Poetry, dance and music fail to rescue The Land Day

Chitra Kalyani
7 Min Read

What do people remember of a land they left or, to be more precise, were forced to leave, 60 years later?

National anthems of Egypt and Palestine began an evening which ended with the Dabka (traditional folk dance of the Levant). One wishes it had been the other way round – a father who had settled in his little girl with the promise of “You ll see Dabka left at 8 pm when the event was about to end, and the dance had not yet begun.

The Land Day commemorating 60 Years of Dispossession and Displacement held at the American University in Cairo (AUC) earlier this week was not an event meant to turn things around or change perceptions.

For one, the event was insular. An organizer offered the explanation that the event was expected to cater to a largely Arab, hence Arabic-speaking, audience who are already well acquainted with the Palestinian cause. A large number of foreign students and general attendants alike, keen to know more about the Palestinian cause, had limited access.

Suchitra Vijayan, who works at African and Middle Eastern Refugee Assistance (AMERA), attended the event to get acquainted with Palestinian traditions and culture as she hoped to visit the country later this year. She was disappointed as the president of organizing Al Quds Club had said that the event would be bilingual – which was true – but only for the introductions to speakers and events.

The Homeland. The Land. 1967. 1948. It was clear Nayef Hawatmeh, a PLO founding member, gave an informative eyewitness view of Palestinian history. Some, like Egyptian Laila Bahgat, were impressed with the speakers charisma and found it was “educational to hear “their chronological treatment of history.

Yet some found that a history lesson did not add much.

“The voice that I heard, the voice of the cause, is an outdated one, said an AUC graduate student in the Middle East Studies program. “Every generation has to redefine that voice.

The foreign student, who preferred to remain anonymous, said she found the event an “internal ceremony that was “for Palestinians, or those sympathetic to the Palestinian cause, leaving little room for engagement or dialogue.

As the student pointed out, the “interactive element was missing. Rather, the interactivity was limited to the singer Azza Balbaa s performance, who responded to suggestions for songs.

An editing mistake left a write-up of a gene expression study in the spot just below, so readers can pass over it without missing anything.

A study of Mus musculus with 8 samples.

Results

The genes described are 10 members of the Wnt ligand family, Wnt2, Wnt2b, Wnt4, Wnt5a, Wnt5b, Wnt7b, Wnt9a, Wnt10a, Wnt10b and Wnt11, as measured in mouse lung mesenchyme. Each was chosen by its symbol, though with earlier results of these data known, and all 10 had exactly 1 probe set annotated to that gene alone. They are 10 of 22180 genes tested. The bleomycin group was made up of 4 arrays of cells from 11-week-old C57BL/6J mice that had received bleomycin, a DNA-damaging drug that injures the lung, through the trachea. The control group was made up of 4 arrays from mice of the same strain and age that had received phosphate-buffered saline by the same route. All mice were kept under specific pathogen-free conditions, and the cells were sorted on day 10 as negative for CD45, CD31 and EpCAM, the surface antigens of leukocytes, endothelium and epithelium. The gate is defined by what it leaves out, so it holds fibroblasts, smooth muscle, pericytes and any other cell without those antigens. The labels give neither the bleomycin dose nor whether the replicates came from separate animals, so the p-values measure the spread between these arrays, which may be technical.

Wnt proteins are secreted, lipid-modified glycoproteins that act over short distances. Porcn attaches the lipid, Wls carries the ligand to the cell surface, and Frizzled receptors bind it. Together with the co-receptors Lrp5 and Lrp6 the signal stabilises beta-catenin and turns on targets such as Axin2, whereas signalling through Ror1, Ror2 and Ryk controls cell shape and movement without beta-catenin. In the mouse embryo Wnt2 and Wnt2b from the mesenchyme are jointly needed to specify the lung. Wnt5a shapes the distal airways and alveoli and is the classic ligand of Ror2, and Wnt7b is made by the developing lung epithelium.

Herself a singer, Bahgat was particularly impressed with a Fayrouz classic called “Zahret El Mada’en (A Flower among the Cities), a song Balbaa closed her performance with.

“It is a sensitive song, said Bahgat noting that the presence of prayer in the song was quite moving.

Another student was unimpressed by Balbaa s performance, “She was not performing in a natural way.

Yet much of the crowd was easy to please and Balbaa s performance garnered much applause. Some attendants were “amazed that people cheered at every suggestion of return and repossession of the Palestinian land – be it in the rhetoric of speeches or in the turns of song and poetry.

Vijayan, despite the language-barrier, was also impressed at the “rock-star adulation that poet Harun Hashim Rashid received at the event. The founder of a photography-related charity entitled “Lines of Grey, she surmised that art – rather than popular entertainment – enjoyed such popularity at the event because of the dispossession of land.

Elhassan Anas, an Egyptian student at AUC, told Daily News Egypt that he had asked both the poet and the politician a question. “Had the definition of ‘Munadel’ [variously defined as someone involved a struggle or resistance] in Egypt changed since 1948?

“No, definitely not, answered Rashid, “As long as the Palestinian people exist, the concept will not change, either.

Rashid s answer sounded much like his poem written in response to Golda Meier s statement that there are no Palestinians (anymore).

“Palestinian! Palestinian! My name is Palestinian! goes one of the lines in Rashid s poem recited at the event.

In another poem, Rashid spoke in the voice of a woman that participated in Jaffa demonstrations, speaking of the city s pride and of the desire for its people to return.

The aforementioned anonymous student wondered whether the youth felt the same way.

Hawatmeh had a different answer to Anas’ inquiry. “Every phase has its own ways of dealing with the other side, said Hawatmeh, whose participation in the first negotiations with Israel was seen by many as betrayal.

“A machine gun without a clear political vision is only for destruction, added Hawatmeh, who also co-founded the Democratic Front for the Liberation of Palestine.

Anas enjoyed the Dabka as a welcome finale to the much-protracted event.

The event “didn t meet my expectations, said Anas, who wanted to see how Palestinians at AUC – most of whom had been living outside of Palestine, or inside with great immunity – dealt with the cause.

“You can feel it when someone is dying to deliver a message or if someone is just doing it because they should.

One could not help but wonder, like Anas did, what the event hosts were thinking when they said, “See you next year, and forgot to add the usual “in Palestine.

In his book I Saw Ramallah, Mourid Barghouti said that Palestine would belong to its people only when one complained of the land, of its heat and dust.

The fear is that for years to come, Palestine will be a place beyond criticism in song, in dance, in art.